ClearFox modular industrial wastewater solutions have the following advantages:
- Low operation costs
- Automatic operation
- Low purchase price
- Process and effluent guarantees
The dairy industry includes the transformation of raw milk into pasteurised and sour milk, yoghurt, hard, soft and cottage cheese, cream and butter products, ice cream, milk and whey powders, lactose, condensed milk, as well as various types of desserts.
In this industry, the waste water differs significantly due to the different compositions, attributed to the product manufactured and the technologically used to do so. Dairy effluents are distinguished by their high organic content, low nutrient value, relatively increased temperatures, wide pH range and highly disinfected content. This requires special purification and treatment steps in order to reduce or eliminate the environmental impact of wastewater discharges.
Dairy wastewater composition:
Milk processing effluents have an increased temperature and large variations in pH, TSS, biological oxygen demand (BOD), COD, total nitrogen (TN), total phosphorus (TP) and fat, oil and grease (FOG)
Water plays a key role in milk processing. It is used in every step of the technological lines, including cleaning and washing, disinfection, heating and cooling. Water requirements are huge. In dairy plants, the great fluctuations in wastewater quality and quantity are very problematic because each milk product needs a separate technological line.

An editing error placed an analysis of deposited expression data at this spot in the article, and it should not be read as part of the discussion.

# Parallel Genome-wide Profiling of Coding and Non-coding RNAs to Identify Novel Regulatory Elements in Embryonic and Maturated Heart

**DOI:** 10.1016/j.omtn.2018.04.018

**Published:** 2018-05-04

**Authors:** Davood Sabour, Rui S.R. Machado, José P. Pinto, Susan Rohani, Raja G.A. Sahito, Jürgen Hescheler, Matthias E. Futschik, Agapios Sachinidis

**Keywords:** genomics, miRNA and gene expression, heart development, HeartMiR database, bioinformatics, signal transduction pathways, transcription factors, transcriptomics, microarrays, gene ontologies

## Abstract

Three major categories can be outlined according to their origin and composition
- Processing water: Processing water is formed in the cooling of milk in special coolers and condensers, as well as condensates from the evaporation of milk or whey. In general, processing waters lack pollutants and, after minimal pre-treatment, they can be reused or discharged together with stormwater. Water reuse is possible, typical applications are hot water and steam production as well as membrane cleaning.
- Cleaning wastewater: Cleaning wastewater usually comes from washing equipment which is in direct contact with milk or dairy products. It also includes milk and product spillage, whey, pressing and brine, CIP effluents or equipment malfunction and even operational errors. Over 90% of organic solids in effluents come from milk and manufacturing residues: cheese pieces, whey, cream, water from separation and clarification, starter cultures, yoghurt, fruit concentrates or stabilisers. These wastewater quantities are significant and are highly polluted, thus requiring further treatment.
- Sanitary wastewater: Sanitary wastewater is found in lavatories, shower rooms, etc. Sanitary wastewater is similar in composition to municipal wastewater and is generally piped directly to sewage works, but it can be used as a nitrogen source for unbalanced dairy effluents before a secondary aerobic treatment.
Over the past 20 years, the Clearfox Team has successfully designed many plants all over Europe. Examples vary from a small Swiss mountain cheese producer to a large milk combine dairy in Eastern Europe.